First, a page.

Junk food fight: Science tests how birds compete for Cheetos

This undated photo provided by researcher Rhea Esposito on Thursday, Aug. 11, 2016 shows a crow holding a cheese flavored snack in Jackson Hole, Wyo., during an experiment to see how two types of smart birds_ smaller magpies and bigger crows _ compete for food. Traditional bait food, nuts and seeds, were hard to see for Esposito, who would watch from about 20 feet away. The magpies turned out to be quicker and more daring. When crows learned that the orange snacks were tasty, they stole them from the magpie. (Rhea Esposito via AP)

WASHINGTON — It's the early bird that gets the Cheetos. But it's the bigger bird that steals it away.

Behavioral ecologist Rhea Esposito used the snack food to see how two types of smart birds— smaller magpies and bigger crows — interact and compete for food.

Birds, like many of us when we're forced to admit it, apparently like Cheetos. Both birds are also naturally suspicious of new things.

And the bright orange color also solved a problem for Esposito. The traditional bait food, nuts and seeds, were hard to see for Esposito, who would watch from her car about 20 feet away. Cheetos — or sometimes their cheaper and yellower generic equivalent — worked well.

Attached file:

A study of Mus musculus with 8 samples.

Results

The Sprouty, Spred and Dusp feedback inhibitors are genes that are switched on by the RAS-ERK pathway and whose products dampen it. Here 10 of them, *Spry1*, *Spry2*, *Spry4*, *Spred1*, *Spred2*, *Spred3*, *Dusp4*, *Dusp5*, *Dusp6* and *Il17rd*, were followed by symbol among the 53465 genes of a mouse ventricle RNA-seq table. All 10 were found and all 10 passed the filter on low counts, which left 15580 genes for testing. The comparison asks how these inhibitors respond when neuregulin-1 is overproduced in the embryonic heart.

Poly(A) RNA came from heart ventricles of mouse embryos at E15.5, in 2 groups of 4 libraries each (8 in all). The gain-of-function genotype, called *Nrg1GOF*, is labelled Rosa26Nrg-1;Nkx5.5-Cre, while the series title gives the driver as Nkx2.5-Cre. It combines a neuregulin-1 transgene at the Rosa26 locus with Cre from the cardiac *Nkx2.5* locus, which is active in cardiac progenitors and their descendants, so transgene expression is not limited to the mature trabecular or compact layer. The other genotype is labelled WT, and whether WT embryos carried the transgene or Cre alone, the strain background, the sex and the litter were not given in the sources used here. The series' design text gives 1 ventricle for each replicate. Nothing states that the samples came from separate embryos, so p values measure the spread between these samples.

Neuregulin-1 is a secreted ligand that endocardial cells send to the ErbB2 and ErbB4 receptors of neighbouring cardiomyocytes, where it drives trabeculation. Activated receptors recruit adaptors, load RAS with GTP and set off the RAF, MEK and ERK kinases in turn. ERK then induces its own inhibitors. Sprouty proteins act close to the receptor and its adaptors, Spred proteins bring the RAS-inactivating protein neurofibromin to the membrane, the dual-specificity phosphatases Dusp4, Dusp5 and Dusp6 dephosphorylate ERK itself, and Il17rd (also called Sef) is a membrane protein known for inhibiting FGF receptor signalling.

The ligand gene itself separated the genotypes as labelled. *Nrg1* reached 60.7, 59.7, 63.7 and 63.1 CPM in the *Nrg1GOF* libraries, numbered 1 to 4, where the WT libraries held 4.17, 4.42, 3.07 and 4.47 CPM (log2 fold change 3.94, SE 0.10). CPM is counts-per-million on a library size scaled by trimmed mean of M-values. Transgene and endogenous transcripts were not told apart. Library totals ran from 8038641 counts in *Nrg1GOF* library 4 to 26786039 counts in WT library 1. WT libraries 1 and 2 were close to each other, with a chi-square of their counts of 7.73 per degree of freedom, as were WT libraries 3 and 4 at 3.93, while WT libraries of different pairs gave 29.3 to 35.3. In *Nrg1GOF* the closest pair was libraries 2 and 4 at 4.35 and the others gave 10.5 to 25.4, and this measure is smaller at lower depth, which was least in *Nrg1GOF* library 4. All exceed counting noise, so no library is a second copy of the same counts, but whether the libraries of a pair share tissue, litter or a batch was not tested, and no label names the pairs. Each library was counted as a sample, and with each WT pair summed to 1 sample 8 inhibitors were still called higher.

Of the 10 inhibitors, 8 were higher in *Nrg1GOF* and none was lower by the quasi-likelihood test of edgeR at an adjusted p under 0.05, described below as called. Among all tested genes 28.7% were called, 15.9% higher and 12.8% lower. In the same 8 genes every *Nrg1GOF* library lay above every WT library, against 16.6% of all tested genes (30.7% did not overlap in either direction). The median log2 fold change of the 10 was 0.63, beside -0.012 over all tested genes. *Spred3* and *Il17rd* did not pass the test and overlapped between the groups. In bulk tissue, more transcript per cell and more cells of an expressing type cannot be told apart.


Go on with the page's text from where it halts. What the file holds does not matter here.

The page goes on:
She even made it tough for them later by making them pull on a string to get the tasty snack out of a hollow log, illustrating their use of a tool.

Esposito presented her results this week at the Ecological Society of America convention in Fort Lauderdale, Florida, where it was called the Cheetos Challenge. She works at the Cary Institute in New York and did her research in Jackson Hole, Wyoming.

The magpies turned out to be quicker and more daring. The magpies first explored and tasted the strange junk food, while crows repeatedly approached and retreated. But when the crows learned that Cheetos were tasty, they stole them from the magpies.

Crows were three times more likely to steal Cheetos than magpies.

So while it is fair to say that the early bird gets the Cheetos, Esposito concluded, "they don't get to keep it."